On Thursday the 23rd April, the French Chambers of Commerce in Central Europe organised a webinar focused on Supply chain.

The Covid-19 outbreak has paralysed most of markets worldwide. At the beginning of the crisis, nobody could have predicted impacts on supply chain and more broadly on economy. However, governments and companies have adjusted and reorganized their practices. 

On Thursday the 23rd April, the French Chambers of Commerce and Industry in Croatia, Czech Republic, Hungary, Poland, Romania, Serbia and Slovakia organised a webinar focused on “Central Europe - What perspectives for Supply chain?”. A panel of experts on the perspective of the supply chain have shared their experiences, supported by our institutional guest speaker: 

  • Julien AUTRET- Attaché douanier régional Europe du Sud Est et Balkans  

  • Renaud de SAINT LAGER, Regional Purchasing & Supply Chain Director Oriental Central European Area, LESAFFRE Tchéquie  

  • Piotr DOPIERALA - Supply Chain Director & Logistics Auchan Retail Poland 

  • Stefan GAIBU -General Manager Supply Chain, Groupe Renault Roumania  

  • Jakov KARMELIĆ - General Manager, CMA CGM Croatia d.o.o  

  • Bogdan MLYNARCZYK- General Manager, Geodis Poland  

  • Fabrice PAYA - Conseiller régional transport environnement  

  • György SZABÓ, CEO, Former President of the Hungarian Road Transport Association, Prevost Hungária Kft. 

  

What can we learn from this webinar? 

Nobody could have predicted the crisis. For all institutions and companies, it is a very challenging period 

 

  • The closing of borders and plant’s shutdowns are the main problems for companies.  

  • Food industry has faced “panic buying” and an important scale of demand. For plants and supermarkets, it has been an important challenge to adapt the supply to the fluctuation of demand. They noticed some changes in the demand structure: sales limited to very basic needs (pasta, toilet paper and bakery products mostly) and online sales grew rapidly.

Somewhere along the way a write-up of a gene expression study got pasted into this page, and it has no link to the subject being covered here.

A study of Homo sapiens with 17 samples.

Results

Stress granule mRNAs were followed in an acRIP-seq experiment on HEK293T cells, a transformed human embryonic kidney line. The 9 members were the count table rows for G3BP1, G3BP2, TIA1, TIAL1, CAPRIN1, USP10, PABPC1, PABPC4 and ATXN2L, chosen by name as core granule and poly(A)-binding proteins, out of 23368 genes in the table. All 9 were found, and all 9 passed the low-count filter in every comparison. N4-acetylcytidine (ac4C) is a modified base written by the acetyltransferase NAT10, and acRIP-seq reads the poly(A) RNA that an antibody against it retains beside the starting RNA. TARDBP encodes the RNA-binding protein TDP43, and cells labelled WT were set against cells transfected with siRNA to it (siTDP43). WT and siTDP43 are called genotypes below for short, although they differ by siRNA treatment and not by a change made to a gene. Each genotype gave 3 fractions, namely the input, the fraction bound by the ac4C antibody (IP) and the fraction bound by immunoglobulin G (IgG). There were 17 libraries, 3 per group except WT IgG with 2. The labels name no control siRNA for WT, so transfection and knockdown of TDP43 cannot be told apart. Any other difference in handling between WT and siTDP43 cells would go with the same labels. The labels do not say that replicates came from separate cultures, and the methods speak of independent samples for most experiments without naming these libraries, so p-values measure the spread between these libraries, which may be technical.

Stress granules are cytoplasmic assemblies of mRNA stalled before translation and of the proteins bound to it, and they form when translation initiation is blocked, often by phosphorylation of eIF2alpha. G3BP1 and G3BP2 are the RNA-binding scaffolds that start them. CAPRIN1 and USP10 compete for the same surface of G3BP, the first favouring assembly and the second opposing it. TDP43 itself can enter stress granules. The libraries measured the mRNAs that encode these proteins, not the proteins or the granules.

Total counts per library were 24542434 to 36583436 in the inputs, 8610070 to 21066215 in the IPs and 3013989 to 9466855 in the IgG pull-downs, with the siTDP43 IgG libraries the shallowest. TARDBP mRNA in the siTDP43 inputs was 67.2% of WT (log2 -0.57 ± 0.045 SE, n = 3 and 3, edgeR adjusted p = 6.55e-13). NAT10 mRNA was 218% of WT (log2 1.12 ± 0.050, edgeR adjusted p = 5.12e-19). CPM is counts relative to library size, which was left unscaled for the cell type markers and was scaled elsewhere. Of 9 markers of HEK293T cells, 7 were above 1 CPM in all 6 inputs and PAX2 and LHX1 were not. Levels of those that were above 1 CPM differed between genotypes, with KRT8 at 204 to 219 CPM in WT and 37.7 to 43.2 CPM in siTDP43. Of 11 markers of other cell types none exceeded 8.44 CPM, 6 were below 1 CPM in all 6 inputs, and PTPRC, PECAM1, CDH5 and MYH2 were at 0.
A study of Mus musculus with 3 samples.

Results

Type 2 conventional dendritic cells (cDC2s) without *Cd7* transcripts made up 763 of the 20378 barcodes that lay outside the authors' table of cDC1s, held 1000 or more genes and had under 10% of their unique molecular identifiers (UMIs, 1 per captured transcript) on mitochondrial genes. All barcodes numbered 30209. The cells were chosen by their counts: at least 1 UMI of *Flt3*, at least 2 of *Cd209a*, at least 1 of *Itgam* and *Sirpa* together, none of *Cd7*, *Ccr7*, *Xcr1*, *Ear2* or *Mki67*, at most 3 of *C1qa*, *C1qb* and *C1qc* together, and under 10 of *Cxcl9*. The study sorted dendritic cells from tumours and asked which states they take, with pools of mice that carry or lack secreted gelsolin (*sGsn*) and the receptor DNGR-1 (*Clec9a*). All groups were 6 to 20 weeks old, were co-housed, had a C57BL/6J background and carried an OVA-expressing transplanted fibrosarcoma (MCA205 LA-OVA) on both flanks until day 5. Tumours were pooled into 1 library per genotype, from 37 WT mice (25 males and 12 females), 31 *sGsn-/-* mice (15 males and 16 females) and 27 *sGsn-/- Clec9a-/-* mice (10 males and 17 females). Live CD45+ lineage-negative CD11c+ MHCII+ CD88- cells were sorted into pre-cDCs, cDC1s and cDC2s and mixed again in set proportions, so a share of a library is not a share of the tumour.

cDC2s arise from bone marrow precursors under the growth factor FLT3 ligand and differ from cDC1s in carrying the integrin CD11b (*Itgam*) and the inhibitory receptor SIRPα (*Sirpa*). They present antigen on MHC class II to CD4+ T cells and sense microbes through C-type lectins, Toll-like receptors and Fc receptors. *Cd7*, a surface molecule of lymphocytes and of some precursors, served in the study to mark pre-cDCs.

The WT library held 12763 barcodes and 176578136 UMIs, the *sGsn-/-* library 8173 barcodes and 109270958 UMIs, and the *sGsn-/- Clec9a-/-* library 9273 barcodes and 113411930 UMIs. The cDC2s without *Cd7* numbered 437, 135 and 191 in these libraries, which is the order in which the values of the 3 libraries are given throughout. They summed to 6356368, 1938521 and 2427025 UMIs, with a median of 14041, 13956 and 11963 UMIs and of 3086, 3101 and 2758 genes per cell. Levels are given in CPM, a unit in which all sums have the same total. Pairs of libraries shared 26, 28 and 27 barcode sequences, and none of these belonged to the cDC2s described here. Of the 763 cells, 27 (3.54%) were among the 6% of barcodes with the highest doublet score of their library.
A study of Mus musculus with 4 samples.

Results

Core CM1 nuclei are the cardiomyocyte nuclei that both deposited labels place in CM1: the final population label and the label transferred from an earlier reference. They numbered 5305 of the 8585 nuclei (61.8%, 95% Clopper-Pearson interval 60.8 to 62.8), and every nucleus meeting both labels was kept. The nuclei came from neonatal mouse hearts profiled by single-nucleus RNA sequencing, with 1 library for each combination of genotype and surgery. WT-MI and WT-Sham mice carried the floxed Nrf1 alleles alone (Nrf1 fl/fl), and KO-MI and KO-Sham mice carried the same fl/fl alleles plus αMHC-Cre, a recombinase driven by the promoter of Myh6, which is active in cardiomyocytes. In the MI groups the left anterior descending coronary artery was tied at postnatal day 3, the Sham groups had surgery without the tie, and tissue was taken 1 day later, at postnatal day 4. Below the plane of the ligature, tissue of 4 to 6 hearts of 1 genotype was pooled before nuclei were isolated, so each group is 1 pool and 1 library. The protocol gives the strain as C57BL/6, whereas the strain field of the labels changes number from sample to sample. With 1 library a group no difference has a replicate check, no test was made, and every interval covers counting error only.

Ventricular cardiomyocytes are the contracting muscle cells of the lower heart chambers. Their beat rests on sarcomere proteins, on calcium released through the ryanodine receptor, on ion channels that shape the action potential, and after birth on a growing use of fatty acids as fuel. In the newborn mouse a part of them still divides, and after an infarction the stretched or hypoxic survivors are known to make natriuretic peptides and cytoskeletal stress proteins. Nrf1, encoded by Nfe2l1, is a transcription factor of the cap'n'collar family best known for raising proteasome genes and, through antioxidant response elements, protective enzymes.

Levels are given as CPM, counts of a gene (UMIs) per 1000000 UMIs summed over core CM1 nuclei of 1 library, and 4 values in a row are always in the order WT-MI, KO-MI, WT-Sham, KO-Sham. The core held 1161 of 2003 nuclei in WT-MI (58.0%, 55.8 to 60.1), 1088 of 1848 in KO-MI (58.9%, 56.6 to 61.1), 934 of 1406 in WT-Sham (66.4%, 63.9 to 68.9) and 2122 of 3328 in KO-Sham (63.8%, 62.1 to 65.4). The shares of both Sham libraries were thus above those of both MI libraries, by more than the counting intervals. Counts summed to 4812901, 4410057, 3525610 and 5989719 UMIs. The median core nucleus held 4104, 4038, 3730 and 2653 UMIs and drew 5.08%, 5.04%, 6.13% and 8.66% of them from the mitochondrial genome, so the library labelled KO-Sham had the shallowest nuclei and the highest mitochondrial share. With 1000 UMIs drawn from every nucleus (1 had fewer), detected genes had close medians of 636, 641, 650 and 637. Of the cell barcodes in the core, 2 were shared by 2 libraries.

• Automotive industry has been severely affected by the crisis. Road transport has been more impacted than air and maritime transport.  

  • A large amount of employees works from home. Specific procedures have been introduced to reduce risk of spreading the virus.  

  • The crisis has accelerated the digitalization of working processes.  

  • Keys to survive: reorganize, implement strict protective measures, build a strategy to ensure continuity and prepare for the restart of economic activity. Ability to adapt is the key for all businesses.  

What about the future? 

 

  • With lifting of measures the consumption will grow and it will be challenging for suppliers. For now, business and production restart progressively. 

  • For transport companies, the system will not remain as it was before the crisis: a lot of capacities will be left unused - there won’t be such an important demand for transportation as before. That might be visible especially in road transport. 

  • All companies needed to respond to the crisis and to restructure their services to create more intelligent supply chain. Specific protective measures had to be taken.  

  • As Churchill said: “never let a good crisis go to waste”, maybe it’s time to cooperate more and try to introduce agreements leading towards common standards?